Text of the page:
It is important to understand that the family mediator is not on anyone’s side and neither can he or she tell either party what to do. That is not their role. Their job is to facilitate the discussions between the parties. The mediator will encourage people to come up with their own solutions although the family mediator can and often will put forward suggestions if they think it will assist the process.
They can also provide useful information to further facilitate the discussions. However, ultimately it is for the couple to determine what is right for them. The mediator is not there to act as judge or jury. The couple are best placed to find the solutions that work for them rather than an outsider.
Family lawyers vs. mediators
Many people wonder how family mediation works with the legal process of separation and divorce. The answer is that the two processes should complement each other. Trained family mediators who are also practicing family law can be very helpful to couples as they can give information about family law issues within the mediation process. They have specialist knowledge of both areas. However, if you do choose a family mediator, such as Miams mediation, who is also a lawyer, it is important to understand that they will not be able to provide legal advice to either party in the capacity of a lawyer. That would be a conflict of interest. But what they can do is give important and useful information to both parties about legal issues during the process which can help the couple to reach agreements that ultimately are capable of being approved by a court as a final order.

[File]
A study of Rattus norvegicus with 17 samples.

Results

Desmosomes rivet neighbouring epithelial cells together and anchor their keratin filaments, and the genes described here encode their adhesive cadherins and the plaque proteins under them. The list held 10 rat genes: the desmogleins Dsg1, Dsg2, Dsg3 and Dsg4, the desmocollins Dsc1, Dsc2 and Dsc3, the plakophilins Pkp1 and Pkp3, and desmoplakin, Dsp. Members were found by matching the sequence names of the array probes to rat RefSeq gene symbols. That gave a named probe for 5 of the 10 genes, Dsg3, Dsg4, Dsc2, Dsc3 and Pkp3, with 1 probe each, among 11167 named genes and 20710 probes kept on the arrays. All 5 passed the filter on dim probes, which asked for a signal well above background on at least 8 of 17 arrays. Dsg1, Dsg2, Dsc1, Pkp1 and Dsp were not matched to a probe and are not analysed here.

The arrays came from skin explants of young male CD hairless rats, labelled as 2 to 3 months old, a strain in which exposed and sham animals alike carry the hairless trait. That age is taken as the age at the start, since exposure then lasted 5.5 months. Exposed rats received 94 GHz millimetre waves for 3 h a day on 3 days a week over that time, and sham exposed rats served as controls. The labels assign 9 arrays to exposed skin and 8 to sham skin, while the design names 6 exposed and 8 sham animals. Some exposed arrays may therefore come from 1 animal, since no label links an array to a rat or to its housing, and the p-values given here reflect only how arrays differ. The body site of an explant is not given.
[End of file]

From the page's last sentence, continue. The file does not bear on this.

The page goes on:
To illustrate, if a couple reach an agreement over a divorce settlement through mediation, the mediator who is also a family lawyer can inform the couple as to whether the agreement is likely to be approved by the family court as an order or not. This can save time and money for the couple who will want to be reassured that their hard work in reaching an agreement through family mediation is not going to fall at the final hurdle when it is put before the Court.
The same applies to any agreement reached regarding the children and how they are to be cared for.